The way in which our brain generates ideas is one thing that sets us apart from the rest of the animal kingdom, although I think animals are capable of having ideas, too. My dog, for example, relies for most of his behaviour on inbuilt urges and impulses that we call instincts. Chasing cats and squirrels, for example, is a behaviour that’s pretty much hard-wired into him. It’s not a life choice that he’s made, after careful consideration of the options available to him. That is not to say that he doesn’t sometimes have what we might classify as ‘ideas’, however. On occasion, he will get up, go and find his squeaky toy and bring it to me. He sets it down at my feet, looks up at me, and in a kind of imaginary speech bubble I see the words, ‘Go on. Play with me,’ form there.

I think a clearer division exists in terms of imagination. I don’t think my dog is much given to imaginative flights of fancy. I do not think he dreams of worlds of his own invention where he may sprout wings and chase those squirrels right up into the trees. It would doubtless be interesting to question him on this, if only it were possible!

The writer is constantly faced with the necessity (or perhaps the compulsion) of conjuring into existence purely notional worlds that have no existence in fact. Sometimes these worlds may approximate closely to our general lived experience, and sometimes they might be utterly fantastic places populated by dragons and unicorns. In either case, the writer is setting up a stage, on which the characters they create can act out their dramas. Telling stories is a fundamental part of what it is to be human. The earliest one I know of, the Epic of Gilgamesh, dates back as far as the 3rd millennium BCE, but we may surmise that passing on stories through oral tradition is as old as humanity itself. The strange world of dreams is often a starting point for such stories. We are reminded of the visionary dreams of Joseph in Egypt, that predicted the woes that would beset that country in the Old Testament and of the role that ‘God-given’ visions have had in influencing the course of history.

There is, in my opinion, a particular ‘sweet spot’ that exists between sleeping and waking. I am no scientist, but I have read that there are different stages of sleep, in which the brain is either very active or in a deeply dormant state, in which the body recovers from the day’s exertions, and the brain works to catalogue and interpret the experiences of that day. In the phase I mention, the brain is at its most creative. I can rarely remember my dreams, but sometimes when I am conscious of being in this state, I can turn my mind to resolving the issues I face in developing the plot lines of my stories. I may have spent hours during the day in worrying about how to extricate one of my characters from the predicament I have placed them in, but when I am close to waking, or close to going to sleep, the answer comes unbidden to the threshold of my mind. The challenge then is to capture it, to lure it closer until a different part of the mind can set it down and make a permanent record of it before it is too late. It is like wildlife photography. That rare and exotic bird is there, tantalisingly close, and I must creep up upon it, slowly, carefully, with my camera, so that it may not be startled, fly up and be lost to me forever. There is a tension between sleeping and waking at those times. Part of my mind urges me to shut down this tiresome and energy intensive imaginative activity and drop into deep sleep. Another part, insists that I swim up to the surface of wakefulness, take a deep breath and get it written down before it’s too late. I usually keep a pen and pad of paper at my bedside for exactly this purpose.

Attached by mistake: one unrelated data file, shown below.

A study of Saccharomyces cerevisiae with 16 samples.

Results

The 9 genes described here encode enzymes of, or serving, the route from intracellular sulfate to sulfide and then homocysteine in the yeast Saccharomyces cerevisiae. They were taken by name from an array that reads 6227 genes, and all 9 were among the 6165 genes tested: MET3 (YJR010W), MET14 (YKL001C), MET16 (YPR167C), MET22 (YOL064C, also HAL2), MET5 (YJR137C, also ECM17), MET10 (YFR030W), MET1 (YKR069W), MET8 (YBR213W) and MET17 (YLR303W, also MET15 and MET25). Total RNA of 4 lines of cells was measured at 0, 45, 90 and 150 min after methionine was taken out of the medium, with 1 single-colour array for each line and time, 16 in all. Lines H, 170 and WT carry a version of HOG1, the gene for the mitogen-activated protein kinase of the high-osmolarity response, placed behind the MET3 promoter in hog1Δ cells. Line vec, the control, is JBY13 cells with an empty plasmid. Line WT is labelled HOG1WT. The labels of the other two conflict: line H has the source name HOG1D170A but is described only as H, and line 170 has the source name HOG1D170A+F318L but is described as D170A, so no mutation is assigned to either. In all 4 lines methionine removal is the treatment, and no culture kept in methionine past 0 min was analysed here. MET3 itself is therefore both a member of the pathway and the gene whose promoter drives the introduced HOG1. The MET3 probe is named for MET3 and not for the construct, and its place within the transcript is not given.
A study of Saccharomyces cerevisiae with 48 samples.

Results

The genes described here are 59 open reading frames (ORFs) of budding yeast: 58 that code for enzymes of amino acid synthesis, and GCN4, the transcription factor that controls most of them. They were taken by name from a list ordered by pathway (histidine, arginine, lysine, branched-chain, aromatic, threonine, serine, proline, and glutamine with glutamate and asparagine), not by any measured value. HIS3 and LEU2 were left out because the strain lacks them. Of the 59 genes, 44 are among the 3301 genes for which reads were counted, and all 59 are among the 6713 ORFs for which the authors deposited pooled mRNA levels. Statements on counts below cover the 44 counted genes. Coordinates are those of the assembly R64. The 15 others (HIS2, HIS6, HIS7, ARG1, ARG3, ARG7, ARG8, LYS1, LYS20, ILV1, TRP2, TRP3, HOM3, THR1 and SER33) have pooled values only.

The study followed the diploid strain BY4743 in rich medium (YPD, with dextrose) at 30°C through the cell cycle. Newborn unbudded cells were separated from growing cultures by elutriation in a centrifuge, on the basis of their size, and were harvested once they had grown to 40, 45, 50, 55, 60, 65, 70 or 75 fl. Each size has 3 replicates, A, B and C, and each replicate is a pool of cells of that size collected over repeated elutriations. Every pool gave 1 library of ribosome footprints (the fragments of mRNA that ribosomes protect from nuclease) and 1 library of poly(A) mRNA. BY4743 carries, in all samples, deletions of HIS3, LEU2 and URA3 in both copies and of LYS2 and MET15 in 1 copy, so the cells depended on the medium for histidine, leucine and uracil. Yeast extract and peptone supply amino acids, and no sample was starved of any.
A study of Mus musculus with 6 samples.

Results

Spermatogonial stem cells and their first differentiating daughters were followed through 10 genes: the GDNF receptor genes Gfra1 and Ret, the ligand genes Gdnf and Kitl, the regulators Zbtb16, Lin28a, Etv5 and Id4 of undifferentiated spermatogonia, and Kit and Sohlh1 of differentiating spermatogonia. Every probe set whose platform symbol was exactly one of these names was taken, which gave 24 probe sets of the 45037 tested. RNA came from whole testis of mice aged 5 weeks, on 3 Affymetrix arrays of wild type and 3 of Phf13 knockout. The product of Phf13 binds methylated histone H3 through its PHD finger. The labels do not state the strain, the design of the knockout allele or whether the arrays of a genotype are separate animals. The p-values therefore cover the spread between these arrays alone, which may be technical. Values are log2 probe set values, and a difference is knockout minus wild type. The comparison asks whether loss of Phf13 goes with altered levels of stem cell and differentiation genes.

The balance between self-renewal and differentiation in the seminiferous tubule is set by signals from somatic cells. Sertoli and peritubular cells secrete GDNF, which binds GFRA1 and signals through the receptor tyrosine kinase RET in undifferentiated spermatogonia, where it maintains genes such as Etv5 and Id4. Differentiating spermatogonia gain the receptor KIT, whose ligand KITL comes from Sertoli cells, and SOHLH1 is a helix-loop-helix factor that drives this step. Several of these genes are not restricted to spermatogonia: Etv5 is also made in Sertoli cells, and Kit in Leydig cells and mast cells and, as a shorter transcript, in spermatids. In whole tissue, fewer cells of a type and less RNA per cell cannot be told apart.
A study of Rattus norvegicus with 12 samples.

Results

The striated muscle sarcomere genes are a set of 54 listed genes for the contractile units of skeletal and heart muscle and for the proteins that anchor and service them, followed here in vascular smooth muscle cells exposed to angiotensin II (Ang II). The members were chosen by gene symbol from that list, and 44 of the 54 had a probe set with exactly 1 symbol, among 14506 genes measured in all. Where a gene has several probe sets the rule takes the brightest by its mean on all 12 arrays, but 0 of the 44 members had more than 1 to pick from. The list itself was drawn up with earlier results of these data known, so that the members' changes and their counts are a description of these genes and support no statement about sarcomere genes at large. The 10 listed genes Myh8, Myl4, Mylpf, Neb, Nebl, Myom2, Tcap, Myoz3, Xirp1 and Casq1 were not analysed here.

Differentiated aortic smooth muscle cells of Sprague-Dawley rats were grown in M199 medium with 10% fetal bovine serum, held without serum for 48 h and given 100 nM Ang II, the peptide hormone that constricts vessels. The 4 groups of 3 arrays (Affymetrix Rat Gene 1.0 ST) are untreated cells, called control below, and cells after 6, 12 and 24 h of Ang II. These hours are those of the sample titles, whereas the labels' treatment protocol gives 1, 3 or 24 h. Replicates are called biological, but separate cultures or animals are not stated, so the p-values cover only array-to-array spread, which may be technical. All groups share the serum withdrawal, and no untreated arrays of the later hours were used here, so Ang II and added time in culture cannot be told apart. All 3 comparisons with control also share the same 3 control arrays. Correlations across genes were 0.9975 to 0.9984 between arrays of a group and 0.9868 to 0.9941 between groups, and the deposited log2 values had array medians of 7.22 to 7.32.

‘How do you even think of this stuff?’ my wife sometimes asks me, and the truth is that, like most things, practice makes perfect. Daydreams as well as night dreams are the realms from which ideas emerge. My teachers would tell you that I was a very prolific daydreamer. All those long hours gazing out of the classroom windows during lessons, whilst the teacher’s voice became a barely perceptible background drone, were hours well spent in the perfection of my craft, if less conducive to understanding of Physics, Mathematics and French etc. There too, I might tread the fertile plains that lie between waking and sleeping, and ‘see what dreams might come’, to quote Shakespeare’s Hamlet.